Tyler Perry's Fort McPherson studio dreams to become a reality
The sale of the bulk of Fort McPherson to Atlanta film mogul Tyler Perry is now a done deal after a year's worth of delays, criticism, and legal challenges.
As many people celebrated the U.S. Supreme Court's landmark same-sex marriage decision last Friday, board members with the McPherson Implementing Local Redevelopment Authority, the state agency tasked with overseeing the former military base’s redevelopment, approved the sale of 330 acres for $30 million during a special-called meeting. The decision clears the way for Perry to move forward with building a massive film studio, despite the push back from some community members.
MILRA, which initially closed on the 500-acre former military base in September 2011, had planned to redevelop the base into a mixed-use development and bioscience hub. But after the lead developer backed out in early 2014, Perry emerged as a surprise replacement, one who didn't go through a competitive bidding process. Nevertheless, the U.S. Army's complex requirements for decommissioning a former post, a short-lived legal battle, and financing hiccups further delayed the project's timeline.
“More than three years since the closing of Fort McPherson, we have today taken a great step forward for the former post and for the surrounding community,” said MILRA Board Chair Felker Ward said in a statement last Friday. “We look forward now to significant investment by hometown entertainment entrepreneur Tyler Perry, and we will move forward with further planning for the 145 remaining acres of the site.”
Perry will first hand over $30 million to MILRA for the land. Then the state agency would pay the U.S. Army $26 million for the full base, a necessary step since the military doesn't work directly with commercial developers on such deals. MILRA's first $13 million payment would be paid up front, while the remaining half would be paid over a seven-year period. MILRA would be first in line to purchase the filmmaker's land at market value should he ever decide to sell his properties. (Read the full contract here)
Perry plans to build a major film complex with up to 16 sound stages that are expected to be fenced off from adjacent communities. The deal requires Perry to only develop the land into a film studio, unless given permission otherwise from MILRA. It also grants MILRA exclusive rights on the former military base to build lodging, hardware stores, a groceries, or restaurants. Both parties are banned from letting adult businesses, head shops, gun shops, pet stores, bars, clubs, and several other types of establishments from opening on the former base.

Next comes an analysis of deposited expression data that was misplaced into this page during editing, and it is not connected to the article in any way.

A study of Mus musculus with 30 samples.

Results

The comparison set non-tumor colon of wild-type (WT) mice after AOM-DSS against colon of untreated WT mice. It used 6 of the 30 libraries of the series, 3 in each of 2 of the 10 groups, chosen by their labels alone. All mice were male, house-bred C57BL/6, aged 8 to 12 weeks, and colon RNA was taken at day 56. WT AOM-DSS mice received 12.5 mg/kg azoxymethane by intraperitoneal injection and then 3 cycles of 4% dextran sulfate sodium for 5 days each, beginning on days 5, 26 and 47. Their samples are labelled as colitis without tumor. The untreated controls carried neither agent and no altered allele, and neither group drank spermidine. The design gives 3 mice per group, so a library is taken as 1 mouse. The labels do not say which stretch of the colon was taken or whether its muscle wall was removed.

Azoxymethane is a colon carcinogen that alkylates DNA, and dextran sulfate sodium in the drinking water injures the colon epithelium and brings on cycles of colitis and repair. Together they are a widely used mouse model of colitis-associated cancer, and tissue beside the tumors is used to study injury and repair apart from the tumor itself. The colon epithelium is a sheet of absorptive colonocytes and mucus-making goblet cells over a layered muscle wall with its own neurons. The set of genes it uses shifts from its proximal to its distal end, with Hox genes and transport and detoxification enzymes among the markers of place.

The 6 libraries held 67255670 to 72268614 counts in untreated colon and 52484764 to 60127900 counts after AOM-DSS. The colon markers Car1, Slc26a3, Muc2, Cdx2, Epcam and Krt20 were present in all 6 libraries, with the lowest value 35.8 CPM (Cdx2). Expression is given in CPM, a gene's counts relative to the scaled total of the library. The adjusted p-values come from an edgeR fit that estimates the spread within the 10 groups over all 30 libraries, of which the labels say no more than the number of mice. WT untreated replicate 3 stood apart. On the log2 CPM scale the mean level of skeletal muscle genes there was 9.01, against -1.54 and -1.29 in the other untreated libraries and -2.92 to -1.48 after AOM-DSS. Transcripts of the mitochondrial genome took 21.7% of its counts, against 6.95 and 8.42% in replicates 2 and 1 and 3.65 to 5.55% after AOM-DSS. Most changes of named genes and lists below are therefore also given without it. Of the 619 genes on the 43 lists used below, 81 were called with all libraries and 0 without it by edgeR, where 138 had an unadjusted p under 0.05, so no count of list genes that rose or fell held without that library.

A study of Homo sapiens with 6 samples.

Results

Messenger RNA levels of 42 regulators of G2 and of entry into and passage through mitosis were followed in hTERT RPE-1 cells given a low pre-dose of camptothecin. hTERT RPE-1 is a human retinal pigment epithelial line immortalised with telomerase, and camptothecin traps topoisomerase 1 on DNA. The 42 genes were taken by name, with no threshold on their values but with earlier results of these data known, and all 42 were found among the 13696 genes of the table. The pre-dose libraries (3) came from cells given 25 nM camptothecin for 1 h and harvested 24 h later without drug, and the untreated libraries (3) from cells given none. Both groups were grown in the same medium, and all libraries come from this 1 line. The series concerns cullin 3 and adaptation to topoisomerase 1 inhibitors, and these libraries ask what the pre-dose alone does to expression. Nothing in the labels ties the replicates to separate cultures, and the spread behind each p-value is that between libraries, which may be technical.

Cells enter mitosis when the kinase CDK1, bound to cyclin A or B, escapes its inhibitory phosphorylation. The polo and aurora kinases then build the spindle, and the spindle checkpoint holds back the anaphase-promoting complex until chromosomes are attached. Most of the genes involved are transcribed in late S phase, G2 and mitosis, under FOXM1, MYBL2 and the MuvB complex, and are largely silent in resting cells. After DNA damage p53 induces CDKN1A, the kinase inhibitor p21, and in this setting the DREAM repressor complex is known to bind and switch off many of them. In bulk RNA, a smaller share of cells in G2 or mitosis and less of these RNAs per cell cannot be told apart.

In a statement to the AJC, Perry thanked officials for their support and said he "looked forward to helping lift this area to the greatness that we know it could be." Mayor Kasim Reed, comparing the deal to the likes of Ponce City Market and Buckhead Atlanta, said the deal will open a new chapter of "job creation, business expansion and community development in South Atlanta."
"I am looking forward to the day when Fort McPherson is a catalyst for change in one of our most important neighborhoods," said Reed, who was out of the country visiting Cuba on an economic development trip when MILRA approved the deal.
MILRA would own the remaining 145 acres of the base located in two separate chunks along Campbellton Road and Lee Street. With the deal complete, MILRA Executive Director Brian Hooker said in a statement the authority would seek to build a "walkable urban community of commercial mixed-use development." In a recent interview, Hooker told CL his vision for the MILRA property includes retail shops, restaurants, office spaces, and a hotel that complements the film studio. He also noted that development will be largely informed by recommendations from an upcoming Livable Centers Initiative study awarded to the city four months ago.
"This, in turn, enables us to deliver the community benefits to which we are committed,” Hooker said in a statement.
Some opponents of the Tyler Perry sale remain outspoken about the deal's problems. State Sen. Vincent Fort, D-Atlanta, told Saporta Report the deal is "illegal and unconstitutional" given the steep discount Perry received for the land. Fort, a fierce critic of the deal given the lack of transparency and public process, called for MILRA to tap the brakes on the deal or else be subject to potential legal action. A judge last fall tossed out one legal challenge from a prospective developer because the sale had not yet been finalized.
“Perry is getting a 60 percent discount on the property,” Fort said. “The state Constitution prohibits gratuity. I have had the law researched by people with legal expertise in this area, and this goes against Constitutional law. You can not give a gratuity — sell the land for less than what it’s worth."
During public comment at Friday's special-called meeting, West End resident Alan Holmes criticized the deal for its lack of public involvement for southwest Atlanta residents since Perry was announced as a prospective buyer.
“When you leave here today, you’re going to go back to where you all live. You won’t have to deal with the effects of the decisions you all are making," said Alan Holmes, according to WABE-FM (90.1).
A public ceremony to celebrate the deal will be held on July 13. The details are still being finalized.